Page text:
Environmentalists often fall into one of two primary groups — those who try to preserve pristine areas and “let nature take its course,” and those who actively work to improve or create new habitat or employ aggressive husbandry practices to benefit creatures, such as gathering up sea turtle eggs and incubating them until they can release the hatchlings.
One group in the latter category has invested years of time and effort that promises to benefit not only live within the waters of the Gulf of Mexico, but also the people and economy of the Rio Grande and beyond.
Their work is paying off.
Friends of RGV Reef members recently visited a 1,650-acre artificial reef they have been building near the Brownsville Ship Channel for several years. They found it teeming with various varieties of fish and other life, in an area Friends of RGV Reef board member Curtis Hayungs said previously was “basically an underwater desert.”
Indeed, the rough currents off the coast of South Padre Island, and the sand they sweep into shore, make it difficult for aquatic life to gain an foothold in the area. Fish and dolphins can be found near the beaches, but they generally come and go with the tides or to nest and feed in the bays and estuaries protected by jetties and other structures.
Friends of RGV Reef started acquiring retired boats, pilings and other structures and dropping them into the open water to create an artificial reef. The reef breaks up waves from the sea and provides places where plants and creatures can anchor themselves and hide. They attract larger fish that feed off of them, and thus create a complete ecosystem.
It’s a feature that can benefit local aquatic life, and the area’s economy as well. Reefs, and sunken ships that comprise parts of them, become popular venues for fishing, snorkeling and scuba diving and the companies that support them by offering boating trips and diving classes and renting equipment.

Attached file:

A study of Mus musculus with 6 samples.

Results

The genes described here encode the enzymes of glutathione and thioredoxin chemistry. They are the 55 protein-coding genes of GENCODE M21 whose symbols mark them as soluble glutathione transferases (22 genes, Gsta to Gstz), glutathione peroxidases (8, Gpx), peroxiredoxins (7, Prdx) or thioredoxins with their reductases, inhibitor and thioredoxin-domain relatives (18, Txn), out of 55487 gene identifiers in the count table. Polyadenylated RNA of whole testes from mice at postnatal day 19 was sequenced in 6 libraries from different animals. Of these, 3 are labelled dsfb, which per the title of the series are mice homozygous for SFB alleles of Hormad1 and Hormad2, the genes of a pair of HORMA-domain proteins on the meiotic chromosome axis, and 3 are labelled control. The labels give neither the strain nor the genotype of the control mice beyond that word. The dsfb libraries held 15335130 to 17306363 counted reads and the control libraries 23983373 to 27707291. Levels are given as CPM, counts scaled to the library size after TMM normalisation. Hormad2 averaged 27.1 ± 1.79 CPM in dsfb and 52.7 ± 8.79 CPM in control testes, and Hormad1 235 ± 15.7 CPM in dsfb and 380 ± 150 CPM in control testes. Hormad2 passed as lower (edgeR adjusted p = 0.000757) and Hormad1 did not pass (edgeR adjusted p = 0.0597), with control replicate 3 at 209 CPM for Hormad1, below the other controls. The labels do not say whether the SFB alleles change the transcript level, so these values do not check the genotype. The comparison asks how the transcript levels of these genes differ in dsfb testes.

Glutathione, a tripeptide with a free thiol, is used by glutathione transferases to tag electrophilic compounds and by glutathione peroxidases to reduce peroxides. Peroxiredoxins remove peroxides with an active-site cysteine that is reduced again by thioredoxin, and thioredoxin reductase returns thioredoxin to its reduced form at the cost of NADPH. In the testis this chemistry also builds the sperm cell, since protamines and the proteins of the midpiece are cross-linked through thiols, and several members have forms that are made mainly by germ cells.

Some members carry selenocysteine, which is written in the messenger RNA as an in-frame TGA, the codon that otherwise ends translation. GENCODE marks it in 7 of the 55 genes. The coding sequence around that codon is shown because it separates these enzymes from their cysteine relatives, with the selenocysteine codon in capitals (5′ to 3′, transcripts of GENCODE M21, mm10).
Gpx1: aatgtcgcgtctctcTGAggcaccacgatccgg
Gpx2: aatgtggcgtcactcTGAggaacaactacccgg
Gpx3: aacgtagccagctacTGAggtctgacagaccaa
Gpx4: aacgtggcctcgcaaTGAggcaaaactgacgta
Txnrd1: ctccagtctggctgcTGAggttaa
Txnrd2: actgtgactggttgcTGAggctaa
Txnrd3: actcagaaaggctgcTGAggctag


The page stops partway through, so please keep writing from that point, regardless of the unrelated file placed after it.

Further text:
Group members say the local structure is the largest reef off the Texas Coast and is the first industrial-scale reef in the Gulf of Mexico, providing habitat for aquatic species of all sizes.
Friends of RGV Reef plans to begin work on a second structure next year. Using donated concrete railroad ties, the group plans to create a 500-long, 40-foot-high wall along the sea floor to capture tiny plants and other nutrients that will attract the smallest bait fish and start the food cycle. Once established, the wall will enable the smallest sea creatures to begin life there and then transition to the larger reef.
Such sites near the coastline that are easily accessible can also become valuable laboratories for local educational institutions and provide incentives to create or expand marine biology programs.
Some purists might question the practice of changing natural areas to create or seed artificially produced habitat, but at a time when so many people are concerned that the loss of natural habitat might disrupt major ecosystems or even threaten the future viability of some species, it’s easy to justify the more aggressive practices that Friends of RGV Reef and similar groups employ.
We applaud the group for its efforts.